By Emily Norman

[email protected]

Riana Walker, 5, helped design and paint the ‘G’. PHOTO/EMILY NORMAN
Riana Walker, 5, helped design and paint the ‘G’. PHOTO/EMILY NORMAN

A pinch of craft and touch of colour has been added to a Wairarapa school with their new entrance sign designed and painted by its pupils.

The words “Greytown School” pop off the primary school gate on East St, with an eclectic mix of designs and colours painted onto each letter by hand.

The concept came about a couple of years ago after the idea was raised by the Greytown School board and its deputy principal, Neil Preston.

But it wasn’t until March this year that school librarian Linda Kirkland brought around 30 schoolkids together to conquer the arty challenge.

“We’ve had 34 children involved which was quite challenging in many ways because you want to try to include as many as possible and all their ideas into a limited space,” she said.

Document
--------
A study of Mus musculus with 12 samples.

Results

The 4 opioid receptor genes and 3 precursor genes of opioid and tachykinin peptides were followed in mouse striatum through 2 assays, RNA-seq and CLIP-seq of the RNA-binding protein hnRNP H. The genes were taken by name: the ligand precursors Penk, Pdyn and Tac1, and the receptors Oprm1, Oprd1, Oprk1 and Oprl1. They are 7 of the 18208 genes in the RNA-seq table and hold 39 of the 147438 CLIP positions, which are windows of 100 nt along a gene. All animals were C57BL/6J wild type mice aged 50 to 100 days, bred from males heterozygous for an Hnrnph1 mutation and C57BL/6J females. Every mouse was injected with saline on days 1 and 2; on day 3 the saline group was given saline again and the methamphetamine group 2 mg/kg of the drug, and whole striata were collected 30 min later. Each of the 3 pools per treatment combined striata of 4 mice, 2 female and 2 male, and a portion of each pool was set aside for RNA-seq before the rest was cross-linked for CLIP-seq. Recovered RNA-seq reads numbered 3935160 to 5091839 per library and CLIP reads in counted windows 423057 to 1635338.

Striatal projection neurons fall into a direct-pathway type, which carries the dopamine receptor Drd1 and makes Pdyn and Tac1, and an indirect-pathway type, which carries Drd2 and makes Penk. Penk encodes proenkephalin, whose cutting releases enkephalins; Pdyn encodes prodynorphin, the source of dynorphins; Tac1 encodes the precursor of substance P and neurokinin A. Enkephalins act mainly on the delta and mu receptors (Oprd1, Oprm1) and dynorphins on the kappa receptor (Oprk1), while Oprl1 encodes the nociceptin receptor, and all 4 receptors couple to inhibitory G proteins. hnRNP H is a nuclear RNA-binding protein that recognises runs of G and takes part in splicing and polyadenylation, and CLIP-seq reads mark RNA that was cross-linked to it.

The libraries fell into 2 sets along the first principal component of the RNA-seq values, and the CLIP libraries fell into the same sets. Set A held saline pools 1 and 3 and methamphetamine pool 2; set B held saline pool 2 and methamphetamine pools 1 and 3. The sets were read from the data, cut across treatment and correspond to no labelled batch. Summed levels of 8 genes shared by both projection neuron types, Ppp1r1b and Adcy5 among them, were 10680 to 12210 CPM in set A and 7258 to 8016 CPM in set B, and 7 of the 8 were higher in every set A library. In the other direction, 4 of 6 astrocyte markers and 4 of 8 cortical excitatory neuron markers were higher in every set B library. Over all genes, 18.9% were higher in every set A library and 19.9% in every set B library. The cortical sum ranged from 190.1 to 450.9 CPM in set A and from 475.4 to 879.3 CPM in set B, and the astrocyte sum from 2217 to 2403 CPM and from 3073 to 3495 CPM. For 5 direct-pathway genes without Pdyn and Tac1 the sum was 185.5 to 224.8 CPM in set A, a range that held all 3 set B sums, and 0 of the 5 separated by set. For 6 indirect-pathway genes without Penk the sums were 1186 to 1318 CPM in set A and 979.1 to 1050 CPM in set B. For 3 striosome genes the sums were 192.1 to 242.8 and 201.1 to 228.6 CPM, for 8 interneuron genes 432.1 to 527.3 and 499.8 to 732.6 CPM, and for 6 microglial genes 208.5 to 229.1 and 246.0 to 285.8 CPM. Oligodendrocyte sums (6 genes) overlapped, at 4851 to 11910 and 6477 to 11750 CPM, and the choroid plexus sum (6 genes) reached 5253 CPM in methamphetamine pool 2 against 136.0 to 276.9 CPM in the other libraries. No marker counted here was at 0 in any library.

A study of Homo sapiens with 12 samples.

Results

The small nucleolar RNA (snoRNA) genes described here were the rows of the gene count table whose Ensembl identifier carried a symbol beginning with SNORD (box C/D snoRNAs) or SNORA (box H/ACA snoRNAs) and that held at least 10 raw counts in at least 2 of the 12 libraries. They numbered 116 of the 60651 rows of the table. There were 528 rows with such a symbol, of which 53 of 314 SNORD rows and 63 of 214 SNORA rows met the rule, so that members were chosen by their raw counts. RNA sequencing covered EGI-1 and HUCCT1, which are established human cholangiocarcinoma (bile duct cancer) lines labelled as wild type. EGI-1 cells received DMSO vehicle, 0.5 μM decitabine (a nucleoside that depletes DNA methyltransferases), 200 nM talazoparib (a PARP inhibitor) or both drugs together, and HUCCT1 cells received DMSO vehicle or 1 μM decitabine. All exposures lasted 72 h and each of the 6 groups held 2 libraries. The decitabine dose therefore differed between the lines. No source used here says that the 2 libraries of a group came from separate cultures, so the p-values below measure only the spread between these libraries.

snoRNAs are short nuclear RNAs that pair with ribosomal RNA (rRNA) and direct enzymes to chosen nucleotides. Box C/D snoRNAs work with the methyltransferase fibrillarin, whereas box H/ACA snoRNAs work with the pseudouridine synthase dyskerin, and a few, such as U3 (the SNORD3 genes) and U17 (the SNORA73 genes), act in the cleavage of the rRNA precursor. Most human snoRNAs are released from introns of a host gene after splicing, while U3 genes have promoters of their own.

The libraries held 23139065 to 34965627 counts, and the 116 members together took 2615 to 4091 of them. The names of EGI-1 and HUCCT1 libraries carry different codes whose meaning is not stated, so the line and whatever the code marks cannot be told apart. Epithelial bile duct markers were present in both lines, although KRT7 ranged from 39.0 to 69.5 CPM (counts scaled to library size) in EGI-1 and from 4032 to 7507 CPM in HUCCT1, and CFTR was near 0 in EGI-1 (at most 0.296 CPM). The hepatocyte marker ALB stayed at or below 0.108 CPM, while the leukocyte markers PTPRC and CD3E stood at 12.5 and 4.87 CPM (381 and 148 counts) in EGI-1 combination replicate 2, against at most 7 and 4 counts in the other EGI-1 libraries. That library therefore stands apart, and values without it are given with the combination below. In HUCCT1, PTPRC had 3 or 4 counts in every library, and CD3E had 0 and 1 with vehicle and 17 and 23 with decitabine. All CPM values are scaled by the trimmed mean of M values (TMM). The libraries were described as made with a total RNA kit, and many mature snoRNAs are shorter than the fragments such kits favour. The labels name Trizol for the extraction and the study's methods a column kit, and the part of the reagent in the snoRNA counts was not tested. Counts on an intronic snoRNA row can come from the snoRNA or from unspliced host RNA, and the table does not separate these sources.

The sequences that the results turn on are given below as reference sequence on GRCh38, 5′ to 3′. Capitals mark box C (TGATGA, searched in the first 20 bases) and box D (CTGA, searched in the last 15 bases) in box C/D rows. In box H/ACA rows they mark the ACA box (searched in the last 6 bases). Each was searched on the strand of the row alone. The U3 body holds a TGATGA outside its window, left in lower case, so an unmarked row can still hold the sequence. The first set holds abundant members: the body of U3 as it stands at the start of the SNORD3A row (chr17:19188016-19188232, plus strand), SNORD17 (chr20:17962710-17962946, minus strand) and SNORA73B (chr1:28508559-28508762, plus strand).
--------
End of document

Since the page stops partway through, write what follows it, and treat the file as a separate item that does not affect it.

Ariella Perry, 9, helped design and paint the ‘T’. PHOTO/EMILY NORMAN
Ariella Perry, 9, helped design and paint the ‘T’. PHOTO/EMILY NORMAN

“So in groups of two or three they were allocated a letter by me, and it was their job to design and think about what they could portray within their letter.

“Each little individual letter became like a painting of its own – a little standalone piece.

“Together, of course, they form the words, Greytown School.”

The murals feature Wairarapa countryside, mountains, livestock, koru, and tribal-inspired artwork.

Mrs Kirkland said the school would be entering the mural artwork into this year’s Resene Mural Masterpieces competition.

She said it was rewarding to work with the children to bring the art together in a way that would let their creativity “shine through” while also being representative of the school, and suited to the Greytown area.

Esther Williams, 9, helped design and paint the ‘S’. PHOTO/EMILY NORMAN
Esther Williams, 9, helped design and paint the ‘S’. PHOTO/EMILY NORMAN

“It’s something the public are going to see, so that was an important factor, and I wanted it to look good because it’s going to be up here for a long time,” she said.

She said the school didn’t have a sign at the entrance before now.

“It was a fabulous project actually, so we’ll wait to see what kind of response we get.”

Emily Ireland
Emily Ireland
Emily Ireland is Wairarapa’s Local Democracy Reporter, a Public Interest Journalism role funded through NZ On Air. Emily has worked at the Wairarapa Times-Age for seven years and has a keen interest in council decision-making and transparency.